Working together to reimagine public spaces and create places where many feel a sense of belonging
A great place is somewhere people want to gather – where there is a sense of belonging and connection to nature and one another.
How we make this place is more important than the end result. In fact, with placemaking you might say that there is no final result because placemaking is an ongoing process. Placemaking must bring together people from a variety of backgrounds and abilities to determine how the place is shared and used. A great place compels people to come back again and again.
What is the difference between Placemaking and Placekeeping?
Placekeeping is a form of engagement that prioritizes ecological, historical and cultural relationships relating to the care of a place. It unsettles shared public spaces to bring Indigenous histories and futures into focus.
We recommend this popular and key resource on civic-Indigenous placekeeping available at no-cost on the Evergreen Resource Hub for download in full or in part.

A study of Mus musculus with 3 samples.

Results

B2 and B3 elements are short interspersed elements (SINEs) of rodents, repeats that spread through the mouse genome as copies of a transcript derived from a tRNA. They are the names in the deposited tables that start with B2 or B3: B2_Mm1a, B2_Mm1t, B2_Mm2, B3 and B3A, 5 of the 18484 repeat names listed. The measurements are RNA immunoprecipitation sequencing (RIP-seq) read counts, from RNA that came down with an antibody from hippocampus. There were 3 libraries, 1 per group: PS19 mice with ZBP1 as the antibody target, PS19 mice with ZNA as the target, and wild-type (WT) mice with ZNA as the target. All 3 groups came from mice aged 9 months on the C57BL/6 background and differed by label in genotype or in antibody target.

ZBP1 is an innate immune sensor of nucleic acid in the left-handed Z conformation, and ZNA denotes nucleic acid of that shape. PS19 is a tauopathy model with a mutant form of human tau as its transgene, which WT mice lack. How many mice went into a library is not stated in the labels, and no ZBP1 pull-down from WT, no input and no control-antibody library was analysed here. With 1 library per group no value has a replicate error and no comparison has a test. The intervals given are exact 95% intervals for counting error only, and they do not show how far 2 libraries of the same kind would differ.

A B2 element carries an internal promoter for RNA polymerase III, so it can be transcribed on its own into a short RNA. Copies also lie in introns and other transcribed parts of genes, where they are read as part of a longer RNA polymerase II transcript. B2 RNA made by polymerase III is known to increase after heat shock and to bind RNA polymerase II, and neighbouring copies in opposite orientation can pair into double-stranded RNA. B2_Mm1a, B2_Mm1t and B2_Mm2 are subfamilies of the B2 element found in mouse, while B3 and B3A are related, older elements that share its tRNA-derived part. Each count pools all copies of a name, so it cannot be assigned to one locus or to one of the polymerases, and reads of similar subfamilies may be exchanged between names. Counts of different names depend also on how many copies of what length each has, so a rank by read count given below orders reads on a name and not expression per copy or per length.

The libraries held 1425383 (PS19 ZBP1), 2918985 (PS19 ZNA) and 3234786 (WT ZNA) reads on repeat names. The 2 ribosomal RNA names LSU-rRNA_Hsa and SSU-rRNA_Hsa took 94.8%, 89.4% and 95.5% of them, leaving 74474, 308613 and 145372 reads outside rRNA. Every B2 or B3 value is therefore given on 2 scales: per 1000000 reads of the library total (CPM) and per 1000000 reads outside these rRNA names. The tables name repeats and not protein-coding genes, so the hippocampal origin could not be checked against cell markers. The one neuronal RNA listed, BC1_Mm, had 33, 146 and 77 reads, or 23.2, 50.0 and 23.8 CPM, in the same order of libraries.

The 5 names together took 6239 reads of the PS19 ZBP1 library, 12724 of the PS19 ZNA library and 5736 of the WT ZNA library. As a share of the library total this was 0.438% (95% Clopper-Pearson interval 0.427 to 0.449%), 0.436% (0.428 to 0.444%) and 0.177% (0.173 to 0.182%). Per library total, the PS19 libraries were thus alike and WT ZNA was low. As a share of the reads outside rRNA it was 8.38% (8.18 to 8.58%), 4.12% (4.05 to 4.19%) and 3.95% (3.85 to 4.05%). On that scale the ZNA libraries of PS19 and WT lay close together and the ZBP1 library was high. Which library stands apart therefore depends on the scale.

Civic-Indigenous Placekeeping and Partnership Building Toolkit
By Tanya Chung-Tiam-Fook, Evergreen 2021, 169 pages
The history and future of cities in Canada are interwoven with Indigenous peoples and their lands, rights, systems, identities and futures. This Toolkit is intended for all those who are interested and passionate about Indigenous worldviews and truth and reconciliation. It will be especially useful for community leaders, practitioners, staff from municipalities and civic and cultural organizations working in the spaces of placekeeping, city building and reconciliation and who want to strengthen their relationships with Indigenous partners.
In the toolkit you will find context, teachings, tools and approaches for community engagement.